DELHI: A parliamentary panel has suggested that the Reserve Bank of India (RBI) should not grant new banking licences to companies since the banking business is highly leveraged and involves public money. "Banking being a highly leveraged business involving public money and public welfare, the committee (members) are of the considered opinion that it will be more in the fitness of things to keep industry and banking separate," the committee noted in its report released on Monday.
The government is not bound to accept the recommendations of standing committees of Parliament, but if corporate ownership is seen as negative then some of the professionally-managed companies with diverse ownership stand a good chance of getting a licence.
The RBI has received 26 applications to start a new bank, including from Anil Ambani-led Reliance Capital, Aditya Birla Nuvo, Shriram, Religare and L&T Finance.
RBI governor Raghuram Rajan has indicated the RBI could award licences early next year, taking into consideration recommendations of a screening committee to review the applications.
Tata Sons had withdrawn its application last month, saying its current financial services operating model best supported the needs of the group.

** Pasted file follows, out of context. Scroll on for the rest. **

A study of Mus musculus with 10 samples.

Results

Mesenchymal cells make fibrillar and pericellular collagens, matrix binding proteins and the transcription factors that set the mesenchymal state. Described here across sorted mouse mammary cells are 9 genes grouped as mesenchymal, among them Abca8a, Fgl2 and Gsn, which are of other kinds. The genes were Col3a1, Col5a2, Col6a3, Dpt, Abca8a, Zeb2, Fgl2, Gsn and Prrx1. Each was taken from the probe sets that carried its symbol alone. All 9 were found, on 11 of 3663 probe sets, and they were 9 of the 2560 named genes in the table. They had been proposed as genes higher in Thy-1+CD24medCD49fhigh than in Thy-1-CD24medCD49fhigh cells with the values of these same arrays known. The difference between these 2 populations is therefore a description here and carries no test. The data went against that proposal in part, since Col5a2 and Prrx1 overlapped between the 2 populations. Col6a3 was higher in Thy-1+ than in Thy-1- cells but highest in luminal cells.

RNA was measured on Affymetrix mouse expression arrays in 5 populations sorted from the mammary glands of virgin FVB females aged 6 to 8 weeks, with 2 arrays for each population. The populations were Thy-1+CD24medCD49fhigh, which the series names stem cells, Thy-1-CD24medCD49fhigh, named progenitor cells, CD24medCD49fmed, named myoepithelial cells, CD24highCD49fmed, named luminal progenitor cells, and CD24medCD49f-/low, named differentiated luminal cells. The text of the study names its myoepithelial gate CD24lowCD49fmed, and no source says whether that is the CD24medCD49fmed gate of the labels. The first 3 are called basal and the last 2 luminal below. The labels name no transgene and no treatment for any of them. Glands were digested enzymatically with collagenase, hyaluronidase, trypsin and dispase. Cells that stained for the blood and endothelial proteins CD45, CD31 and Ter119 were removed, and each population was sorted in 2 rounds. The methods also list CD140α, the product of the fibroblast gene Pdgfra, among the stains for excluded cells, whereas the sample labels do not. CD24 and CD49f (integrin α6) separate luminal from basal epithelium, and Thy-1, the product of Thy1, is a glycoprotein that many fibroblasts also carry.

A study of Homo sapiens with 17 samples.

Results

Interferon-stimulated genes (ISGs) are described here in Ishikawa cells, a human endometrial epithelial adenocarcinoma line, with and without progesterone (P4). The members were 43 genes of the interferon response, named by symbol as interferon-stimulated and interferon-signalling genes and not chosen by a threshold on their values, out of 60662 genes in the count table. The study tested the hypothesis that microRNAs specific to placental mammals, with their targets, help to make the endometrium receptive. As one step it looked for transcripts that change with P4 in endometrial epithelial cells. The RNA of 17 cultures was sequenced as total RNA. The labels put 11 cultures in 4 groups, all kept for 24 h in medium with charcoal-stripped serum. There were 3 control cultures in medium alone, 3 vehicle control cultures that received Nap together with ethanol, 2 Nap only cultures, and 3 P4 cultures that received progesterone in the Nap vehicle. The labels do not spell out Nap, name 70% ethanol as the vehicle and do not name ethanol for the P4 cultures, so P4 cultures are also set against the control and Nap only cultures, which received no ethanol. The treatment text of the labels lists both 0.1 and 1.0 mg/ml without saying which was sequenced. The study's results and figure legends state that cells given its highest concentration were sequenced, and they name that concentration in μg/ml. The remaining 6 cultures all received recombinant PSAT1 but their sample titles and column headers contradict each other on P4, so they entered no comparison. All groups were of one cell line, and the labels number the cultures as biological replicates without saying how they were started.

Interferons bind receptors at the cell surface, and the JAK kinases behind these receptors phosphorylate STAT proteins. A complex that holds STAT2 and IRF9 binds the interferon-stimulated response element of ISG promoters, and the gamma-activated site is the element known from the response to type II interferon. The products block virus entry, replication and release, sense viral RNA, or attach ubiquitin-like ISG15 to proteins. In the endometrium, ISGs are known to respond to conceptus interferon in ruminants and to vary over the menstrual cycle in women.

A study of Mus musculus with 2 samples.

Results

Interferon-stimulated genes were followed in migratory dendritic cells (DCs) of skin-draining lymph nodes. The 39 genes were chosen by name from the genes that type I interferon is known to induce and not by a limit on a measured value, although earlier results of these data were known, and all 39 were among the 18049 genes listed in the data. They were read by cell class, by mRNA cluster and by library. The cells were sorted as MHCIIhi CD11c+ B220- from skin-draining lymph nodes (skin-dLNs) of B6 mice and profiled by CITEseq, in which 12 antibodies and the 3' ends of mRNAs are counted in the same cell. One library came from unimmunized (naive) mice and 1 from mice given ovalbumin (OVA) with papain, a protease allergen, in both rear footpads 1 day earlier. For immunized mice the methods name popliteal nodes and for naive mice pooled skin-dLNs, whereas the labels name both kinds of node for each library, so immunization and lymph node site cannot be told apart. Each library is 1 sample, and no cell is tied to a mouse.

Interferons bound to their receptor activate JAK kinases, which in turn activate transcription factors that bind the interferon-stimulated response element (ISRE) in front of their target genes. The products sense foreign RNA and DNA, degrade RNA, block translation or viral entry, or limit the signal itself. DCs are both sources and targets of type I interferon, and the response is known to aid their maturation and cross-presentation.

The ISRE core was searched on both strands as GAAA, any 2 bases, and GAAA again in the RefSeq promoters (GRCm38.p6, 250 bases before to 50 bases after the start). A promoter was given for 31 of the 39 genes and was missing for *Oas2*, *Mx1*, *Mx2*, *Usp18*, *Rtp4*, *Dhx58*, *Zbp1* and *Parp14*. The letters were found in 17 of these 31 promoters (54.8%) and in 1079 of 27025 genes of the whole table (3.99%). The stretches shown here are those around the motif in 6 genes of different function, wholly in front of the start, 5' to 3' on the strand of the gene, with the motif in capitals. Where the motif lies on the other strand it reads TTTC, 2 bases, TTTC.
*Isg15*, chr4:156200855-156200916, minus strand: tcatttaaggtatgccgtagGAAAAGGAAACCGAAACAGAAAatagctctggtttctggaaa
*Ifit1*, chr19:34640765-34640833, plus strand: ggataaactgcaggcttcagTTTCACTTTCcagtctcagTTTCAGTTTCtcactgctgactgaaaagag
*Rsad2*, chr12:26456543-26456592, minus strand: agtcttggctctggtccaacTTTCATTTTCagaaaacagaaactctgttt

The standing committee on finance, headed by former finance minister and senior BJP leader Yashwant Sinha, has in its report asked the central bank to accordingly review the new bank licensing guidelines.
The committee has expressed apprehension that management of private banks may deploy their funds to extend undue favour to their industrial owners, just as happened in the pre-nationalised era. "The committee is apprehensive that industrial or business houses may not be geared to achieve the national objectives of financial inclusion, priority sector lending, etc," the report said.
The 32-member panel has further said that the "fit and proper" criteria to be used by the RBI to grant licences "is too ambiguous" and leaves too much scope for subjective discretion of the central bank. Having such subjective, ambiguous and open-ended criteria, the report said, might leave the doors open for arbitrariness and invite charges of favouritism.
"The committee would, therefore, suggest that a more precise, a coherent and objective yardstick or criteria may be formulated to assess the credentials of divergent entities from different sectors in a uniform manner," the report said.
The RBI has set up an external committee under former RBI governor Bimal Jalan to screen the applicants. The central bank is also open to the possibility of continuous or "on-tap" licensing and the possibility of converting large urban cooperative banks into commercial bank.
The parliamentary committee, however, favoured a suitable mechanism to enable aggrieved applicants to seek review of decisions with a view to ensure fair play and justice in the licensing process. The committee also recommended an increase in the minimum capital requirement for the new banks to Rs 1,000 crore from the present Rs 500 crore.